The Federal Communications Commission on Tuesday voted to formalize new procedures and criteria for its COVID-19 telehealth program.
The FCC is gearing up to start accepting applications for the second round of the program, which Congress established through COVID-19 relief bills. It's designed to provide healthcare organizations with funds to purchase telecommunications equipment, information-technology services and devices needed to offer telehealth services during the pandemic.
Under the Coronavirus Aid, Relief and Economic Security Act, also known as the CARES Act, Congress last year initially authorized $200 million for the FCC to set up the COVID-19 telehealth program. Congress added an additional $249.95 million to support the program as part of the Consolidated Appropriations Act of 2021 and called for increased transparency into the program.
The FCC hasn't opened applications for the program's second round yet.
Under the new procedures, the FCC will consider whether the applicant is in an area with a shortage of healthcare providers, a low-income area, a tribal community or a region hardest-hit by the COVID-19 pandemic, as well as whether the application is tied to an organization that went unfunded during the first round of the program.
The new criteria follow the FCC receiving feedback on its process for awarding COVID-19 telehealth program funding in January, as directed by Congress.
For the second round of funding, the FCC also plans to designate a specific application filing window, after which the agency will review applications. It will aim for each state and territory to have at least one organization that receives funding from the program and will award funding in two phases, so that applicants have the opportunity to provide the agency with supplemental information if they're denied funding during the first phase.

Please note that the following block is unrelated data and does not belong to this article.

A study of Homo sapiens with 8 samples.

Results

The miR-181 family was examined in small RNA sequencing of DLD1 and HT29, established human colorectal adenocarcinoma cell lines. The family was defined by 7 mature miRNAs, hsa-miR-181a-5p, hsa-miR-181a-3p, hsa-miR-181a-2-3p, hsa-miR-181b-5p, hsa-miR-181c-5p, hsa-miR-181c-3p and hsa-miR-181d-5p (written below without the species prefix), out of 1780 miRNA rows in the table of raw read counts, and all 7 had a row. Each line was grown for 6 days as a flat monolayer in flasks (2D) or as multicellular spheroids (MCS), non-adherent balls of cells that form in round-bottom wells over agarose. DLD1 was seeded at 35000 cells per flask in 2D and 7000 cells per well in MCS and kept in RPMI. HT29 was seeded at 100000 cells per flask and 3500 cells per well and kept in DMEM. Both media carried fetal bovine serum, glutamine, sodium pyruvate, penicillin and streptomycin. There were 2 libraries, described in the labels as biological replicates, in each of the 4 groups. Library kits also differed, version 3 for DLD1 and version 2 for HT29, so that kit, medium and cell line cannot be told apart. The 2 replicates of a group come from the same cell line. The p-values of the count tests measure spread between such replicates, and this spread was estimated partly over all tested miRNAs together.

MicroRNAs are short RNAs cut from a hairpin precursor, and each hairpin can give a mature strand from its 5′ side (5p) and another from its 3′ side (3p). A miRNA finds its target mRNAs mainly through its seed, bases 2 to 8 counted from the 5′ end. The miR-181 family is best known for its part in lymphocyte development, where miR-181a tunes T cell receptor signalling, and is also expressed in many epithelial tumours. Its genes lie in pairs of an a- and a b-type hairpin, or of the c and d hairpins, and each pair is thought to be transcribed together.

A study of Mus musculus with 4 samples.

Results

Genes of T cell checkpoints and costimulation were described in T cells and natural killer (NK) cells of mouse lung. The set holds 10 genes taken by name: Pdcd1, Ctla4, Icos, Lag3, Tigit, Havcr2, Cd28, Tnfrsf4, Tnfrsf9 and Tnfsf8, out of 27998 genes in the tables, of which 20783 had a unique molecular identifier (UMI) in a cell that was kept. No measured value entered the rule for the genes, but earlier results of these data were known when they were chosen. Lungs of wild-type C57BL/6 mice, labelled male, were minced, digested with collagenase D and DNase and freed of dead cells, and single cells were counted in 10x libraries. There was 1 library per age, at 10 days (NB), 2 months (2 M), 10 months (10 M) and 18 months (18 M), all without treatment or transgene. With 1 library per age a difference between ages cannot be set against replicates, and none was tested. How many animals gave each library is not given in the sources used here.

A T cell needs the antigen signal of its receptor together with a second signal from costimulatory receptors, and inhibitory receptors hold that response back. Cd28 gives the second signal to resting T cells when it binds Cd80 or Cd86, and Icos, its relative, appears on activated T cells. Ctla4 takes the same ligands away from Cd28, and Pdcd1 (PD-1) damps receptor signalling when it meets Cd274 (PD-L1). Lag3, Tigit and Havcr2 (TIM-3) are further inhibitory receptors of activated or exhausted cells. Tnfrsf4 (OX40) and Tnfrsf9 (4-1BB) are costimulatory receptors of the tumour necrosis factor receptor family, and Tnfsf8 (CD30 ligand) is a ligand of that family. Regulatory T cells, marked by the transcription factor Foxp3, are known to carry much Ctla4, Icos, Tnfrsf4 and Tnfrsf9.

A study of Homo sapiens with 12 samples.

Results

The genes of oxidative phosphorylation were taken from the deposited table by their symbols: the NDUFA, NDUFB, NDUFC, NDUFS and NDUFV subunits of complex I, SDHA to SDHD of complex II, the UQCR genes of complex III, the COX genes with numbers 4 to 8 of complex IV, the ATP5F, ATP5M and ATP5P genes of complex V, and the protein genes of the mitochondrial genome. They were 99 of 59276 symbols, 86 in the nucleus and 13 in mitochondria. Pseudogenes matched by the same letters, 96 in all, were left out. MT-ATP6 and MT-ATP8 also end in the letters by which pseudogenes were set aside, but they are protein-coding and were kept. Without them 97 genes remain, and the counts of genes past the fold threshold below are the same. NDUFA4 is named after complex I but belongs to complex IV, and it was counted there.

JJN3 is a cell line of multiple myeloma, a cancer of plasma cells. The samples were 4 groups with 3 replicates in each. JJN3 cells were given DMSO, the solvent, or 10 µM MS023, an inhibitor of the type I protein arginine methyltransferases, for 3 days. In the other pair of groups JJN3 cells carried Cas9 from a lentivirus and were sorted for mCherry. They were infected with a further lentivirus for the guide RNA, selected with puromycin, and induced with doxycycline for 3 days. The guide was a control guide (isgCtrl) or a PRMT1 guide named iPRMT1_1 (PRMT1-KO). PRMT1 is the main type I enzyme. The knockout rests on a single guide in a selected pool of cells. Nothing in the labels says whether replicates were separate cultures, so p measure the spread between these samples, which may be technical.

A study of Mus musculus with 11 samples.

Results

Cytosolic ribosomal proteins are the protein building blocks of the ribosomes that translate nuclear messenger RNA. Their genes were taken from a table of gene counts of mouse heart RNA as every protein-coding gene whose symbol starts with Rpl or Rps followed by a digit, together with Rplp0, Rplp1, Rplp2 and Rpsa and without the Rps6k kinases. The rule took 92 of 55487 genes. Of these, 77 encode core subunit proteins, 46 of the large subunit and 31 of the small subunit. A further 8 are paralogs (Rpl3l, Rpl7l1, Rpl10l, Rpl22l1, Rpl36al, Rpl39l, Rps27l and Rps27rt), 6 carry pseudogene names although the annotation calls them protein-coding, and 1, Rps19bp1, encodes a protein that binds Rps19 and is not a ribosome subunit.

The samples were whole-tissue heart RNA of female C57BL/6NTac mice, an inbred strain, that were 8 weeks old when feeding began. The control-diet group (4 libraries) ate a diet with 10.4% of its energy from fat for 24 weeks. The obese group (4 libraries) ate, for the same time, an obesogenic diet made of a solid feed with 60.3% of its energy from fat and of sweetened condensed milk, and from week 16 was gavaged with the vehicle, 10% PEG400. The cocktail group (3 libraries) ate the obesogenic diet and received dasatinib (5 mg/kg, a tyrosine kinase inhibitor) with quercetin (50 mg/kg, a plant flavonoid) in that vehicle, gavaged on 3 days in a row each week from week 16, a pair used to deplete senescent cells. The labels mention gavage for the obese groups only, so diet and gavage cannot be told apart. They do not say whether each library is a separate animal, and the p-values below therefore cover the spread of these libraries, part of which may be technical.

By comparison, the COVID-19 telehealth program's initial funding in 2020 was doled out on a rolling basis, with priority mainly given to organizations in COVID-19 hotspots.
In that first funding round, the FCC distributed $200 million to 539 organizations.
Lawmakers last year questioned the FCC's award process, calling on the agency to be more transparent about how it evaluated applicants.
Part of the concern arose from how the FCC distributes money to applicants. The agency doesn't directly send money to providers upon selecting their application. Instead, the FCC commits a certain amount of funding to the organization, which must later submit invoices for the FCC to reimburse—leading lawmakers to question how quickly the FCC truly distributed funds.
"We are concerned about the lack of transparency regarding this program," a bipartisan group of four lawmakers wrote in a letter to then-Chairman Ajit Pai in July, roughly two weeks after the agency awarded the final set of awards for the program's first round, noting several states did not receive any funding.
They questioned whether the FCC had "preferred speed over transparency and fairness with regard to reviewing applications."
Pai, in a response dated in January 2021, said the FCC received more than 2,000 applications from healthcare providers that the agency was unable to fund given the high demand and constraints of the $200 million budget. As of January, the FCC had distributed $119.5 million of the $200 million, as it continues to wait for providers to submit invoices, Pai wrote.
He said the FCC had targeted funding toward applications in areas hit hardest by COVID-19, using publicly available resources from the Centers for Disease Control and Prevention, Johns Hopkins University and information provided by the applicant, also considering additional factors like whether the applicant intended to use funding to support care for high-risk and vulnerable patients.
"All of these factors were considered holistically with respect to any particular application," Pai wrote in the January letter.
Telehealth has been a core priority for the FCC in recent years. The FCC late last year kicked off a $100 million pilot program to promote telehealth services, and in 2018 adopted rules to increase funding for its Rural Health Care Program, which helps rural healthcare providers purchase broadband and telecommunications services.